Five troubled teenagers and twenty-somethings, the only patients in a sprawling, run-down hospital, locked in their rooms at night as though they were prisoners, miles from the nearest town and cut off from everyone but each other and their sole therapist, Doctor Cecilia Reyes, who attends to their medication and guides them through group counselling sessions.
Danielle Moonstar is the newest arrival, joining the dysfunctional family of Sam Guthrie, twitchy and withdrawn, Illyana Rasputin, icy and challenging, Roberto da Costa, handsome but aloof, and Rahne Sinclair, the only one who makes any effort to welcome Dani whose waking nightmares have apparently followed her to the facility.
Doctor Reyes explaining to them that they each have powers, she hopes that the new mutants can learn to control them and one day join the legendary X-Men of Professor Charles Xavier but for now they are a danger to themselves and others, under constant surveillance and haunted by manifestations of their personal fears.
Directed by Josh Boone from a script co-written with Knate Lee based on the comic series of the same name, The New Mutants was shot over the summer of 2017 to be released the following year only to be substantially delayed by planned reshoots which were ultimately never undertaken and the acquisition of 20th Century Fox by Disney, respectively the owners of the cinematic rights to the X-Men and the wider Marvel Cinematic Universe.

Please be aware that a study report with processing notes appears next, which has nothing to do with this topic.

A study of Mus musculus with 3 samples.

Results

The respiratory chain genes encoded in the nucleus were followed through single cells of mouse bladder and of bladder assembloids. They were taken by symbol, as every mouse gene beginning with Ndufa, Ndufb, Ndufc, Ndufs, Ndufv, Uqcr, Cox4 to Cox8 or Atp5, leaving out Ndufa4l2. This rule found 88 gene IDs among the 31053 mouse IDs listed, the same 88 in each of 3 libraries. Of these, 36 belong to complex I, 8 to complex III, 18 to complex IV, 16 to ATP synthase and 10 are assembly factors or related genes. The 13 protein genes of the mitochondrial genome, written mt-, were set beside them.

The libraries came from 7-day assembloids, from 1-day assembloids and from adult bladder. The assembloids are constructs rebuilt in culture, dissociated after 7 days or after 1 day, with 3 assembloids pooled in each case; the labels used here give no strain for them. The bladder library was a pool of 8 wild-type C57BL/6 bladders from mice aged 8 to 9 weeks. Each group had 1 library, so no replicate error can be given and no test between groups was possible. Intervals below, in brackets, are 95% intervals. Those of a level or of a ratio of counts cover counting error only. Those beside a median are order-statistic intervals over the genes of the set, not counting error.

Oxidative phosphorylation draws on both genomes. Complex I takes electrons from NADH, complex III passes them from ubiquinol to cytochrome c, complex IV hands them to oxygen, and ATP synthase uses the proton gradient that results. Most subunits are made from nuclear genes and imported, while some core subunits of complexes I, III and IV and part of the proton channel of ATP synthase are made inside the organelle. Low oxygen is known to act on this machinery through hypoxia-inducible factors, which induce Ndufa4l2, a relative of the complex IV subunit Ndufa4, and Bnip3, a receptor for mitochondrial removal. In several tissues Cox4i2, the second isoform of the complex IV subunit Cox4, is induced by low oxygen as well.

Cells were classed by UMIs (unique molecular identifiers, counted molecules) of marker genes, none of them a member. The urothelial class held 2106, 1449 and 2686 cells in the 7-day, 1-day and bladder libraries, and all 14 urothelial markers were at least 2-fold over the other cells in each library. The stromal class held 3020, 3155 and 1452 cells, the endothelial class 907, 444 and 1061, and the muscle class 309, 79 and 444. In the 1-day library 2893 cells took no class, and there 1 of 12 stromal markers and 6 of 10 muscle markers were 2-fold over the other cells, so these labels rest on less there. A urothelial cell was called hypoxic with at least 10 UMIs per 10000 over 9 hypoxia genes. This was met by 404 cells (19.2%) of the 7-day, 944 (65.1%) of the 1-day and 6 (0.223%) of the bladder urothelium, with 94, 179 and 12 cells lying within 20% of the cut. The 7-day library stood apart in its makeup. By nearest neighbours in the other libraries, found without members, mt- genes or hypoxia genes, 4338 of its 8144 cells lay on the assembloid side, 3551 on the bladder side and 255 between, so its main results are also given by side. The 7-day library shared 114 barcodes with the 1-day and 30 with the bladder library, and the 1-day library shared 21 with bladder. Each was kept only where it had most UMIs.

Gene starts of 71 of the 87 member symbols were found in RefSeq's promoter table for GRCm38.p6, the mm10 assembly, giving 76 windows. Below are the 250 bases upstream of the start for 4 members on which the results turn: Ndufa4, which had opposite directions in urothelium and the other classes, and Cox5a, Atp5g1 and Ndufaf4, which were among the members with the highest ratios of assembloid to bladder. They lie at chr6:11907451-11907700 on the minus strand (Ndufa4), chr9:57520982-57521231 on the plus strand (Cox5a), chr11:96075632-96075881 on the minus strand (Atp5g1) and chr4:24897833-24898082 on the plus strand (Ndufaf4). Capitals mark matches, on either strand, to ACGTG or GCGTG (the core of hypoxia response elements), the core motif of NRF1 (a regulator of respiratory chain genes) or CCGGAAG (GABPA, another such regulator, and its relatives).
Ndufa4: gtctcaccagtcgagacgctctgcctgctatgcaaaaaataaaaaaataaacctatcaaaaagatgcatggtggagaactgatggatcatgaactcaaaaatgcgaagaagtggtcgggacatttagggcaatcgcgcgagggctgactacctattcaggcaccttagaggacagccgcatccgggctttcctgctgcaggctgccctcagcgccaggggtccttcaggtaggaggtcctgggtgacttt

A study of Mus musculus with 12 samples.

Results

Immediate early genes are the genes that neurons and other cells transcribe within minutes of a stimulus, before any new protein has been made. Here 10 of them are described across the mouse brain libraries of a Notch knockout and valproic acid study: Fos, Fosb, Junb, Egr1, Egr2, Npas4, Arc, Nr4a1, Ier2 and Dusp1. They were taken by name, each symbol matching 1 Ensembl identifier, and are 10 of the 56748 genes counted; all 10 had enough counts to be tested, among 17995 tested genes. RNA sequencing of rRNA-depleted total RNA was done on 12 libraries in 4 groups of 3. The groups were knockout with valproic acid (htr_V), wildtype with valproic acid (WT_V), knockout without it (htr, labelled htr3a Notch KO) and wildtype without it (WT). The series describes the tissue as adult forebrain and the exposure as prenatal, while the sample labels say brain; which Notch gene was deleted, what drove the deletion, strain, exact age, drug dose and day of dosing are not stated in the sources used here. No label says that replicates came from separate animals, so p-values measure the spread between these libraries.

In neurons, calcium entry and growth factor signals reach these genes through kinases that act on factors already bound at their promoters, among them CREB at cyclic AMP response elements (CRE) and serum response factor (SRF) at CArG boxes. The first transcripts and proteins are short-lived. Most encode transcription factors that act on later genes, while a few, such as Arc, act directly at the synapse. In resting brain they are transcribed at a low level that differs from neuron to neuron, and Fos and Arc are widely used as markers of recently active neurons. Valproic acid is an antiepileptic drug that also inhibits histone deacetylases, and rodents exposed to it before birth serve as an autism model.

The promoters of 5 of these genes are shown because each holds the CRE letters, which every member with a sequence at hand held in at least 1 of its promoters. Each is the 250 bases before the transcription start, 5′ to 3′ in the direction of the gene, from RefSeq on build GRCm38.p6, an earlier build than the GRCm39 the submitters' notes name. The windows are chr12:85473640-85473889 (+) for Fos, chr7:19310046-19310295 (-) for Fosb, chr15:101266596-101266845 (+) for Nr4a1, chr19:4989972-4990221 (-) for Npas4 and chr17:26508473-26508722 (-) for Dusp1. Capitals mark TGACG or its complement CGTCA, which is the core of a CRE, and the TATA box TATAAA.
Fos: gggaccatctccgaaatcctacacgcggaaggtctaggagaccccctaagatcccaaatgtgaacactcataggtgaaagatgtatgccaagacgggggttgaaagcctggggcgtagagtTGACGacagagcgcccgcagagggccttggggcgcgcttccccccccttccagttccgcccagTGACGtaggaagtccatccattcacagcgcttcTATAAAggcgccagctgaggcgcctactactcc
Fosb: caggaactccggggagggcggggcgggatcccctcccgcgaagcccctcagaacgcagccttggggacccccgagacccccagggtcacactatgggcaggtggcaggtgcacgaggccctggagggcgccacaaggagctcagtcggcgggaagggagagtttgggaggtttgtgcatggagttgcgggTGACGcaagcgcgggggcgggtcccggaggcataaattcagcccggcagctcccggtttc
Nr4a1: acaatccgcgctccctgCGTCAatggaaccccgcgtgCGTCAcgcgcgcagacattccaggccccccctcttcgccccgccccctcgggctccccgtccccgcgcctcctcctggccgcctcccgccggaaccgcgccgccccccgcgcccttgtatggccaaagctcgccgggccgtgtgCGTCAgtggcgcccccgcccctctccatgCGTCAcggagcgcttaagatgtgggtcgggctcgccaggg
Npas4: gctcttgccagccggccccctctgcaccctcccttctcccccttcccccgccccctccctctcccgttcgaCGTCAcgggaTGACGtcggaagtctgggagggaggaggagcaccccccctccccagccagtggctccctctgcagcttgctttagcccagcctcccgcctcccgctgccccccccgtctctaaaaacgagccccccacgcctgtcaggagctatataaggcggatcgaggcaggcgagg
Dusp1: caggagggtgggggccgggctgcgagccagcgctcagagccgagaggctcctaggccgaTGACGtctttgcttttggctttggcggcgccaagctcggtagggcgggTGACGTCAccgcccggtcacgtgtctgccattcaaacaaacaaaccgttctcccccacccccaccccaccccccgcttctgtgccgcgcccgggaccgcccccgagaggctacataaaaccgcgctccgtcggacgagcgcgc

The result of these shenanigans is that, like the new mutants themselves, there is talent and potential in abundance but it is unfocused and misdirected, the opportunity wasted when there was a chance to make a more immediate and personal film parallel to the wider X-Men series but shedding the theatrics of the superhero genre, opening it the universe to a different audience.
Rahne twice watching DVDs of Buffy the Vampire Slayer in the facility common room, it is apparent that Boone wishes to emulate Joss Whedon’s iconic allegory of the teenage experience being an unfolding horror in a confusing and changing world but his ensemble perform with one hand tied behind their back, the result stilted and oddly silent.
The dialogue aiming for profound but stringing together little more than empty platitudes in stock situations, The Originals‘ Blu Hunt, Marrowbone‘s Charlie Heaton, Split’s Anya Taylor-Joy, Teen Wolf‘s Henry Zaga and Game of Thrones‘ Maisie Williams all essentially sport the same backstory of rejection and abuse while Elysium’s Alice Braga barely even warrants a personality beyond her function as an obvious agent of Evil Incorporated.
Moving at a snail’s pace to a telegraphed conclusion mediated entirely through digital effects, a folly which disengages the audience and also hampered Wolverine’s first two solo films, despite fresh faces The New Mutants have nothing new to offer to the mix, and while Deadpool took the series into comedy by breaking the fourth wall and the rules of the genre this attempt to add a strand of psychological horror is overly timid and compliant when horror above all needs to be subversive.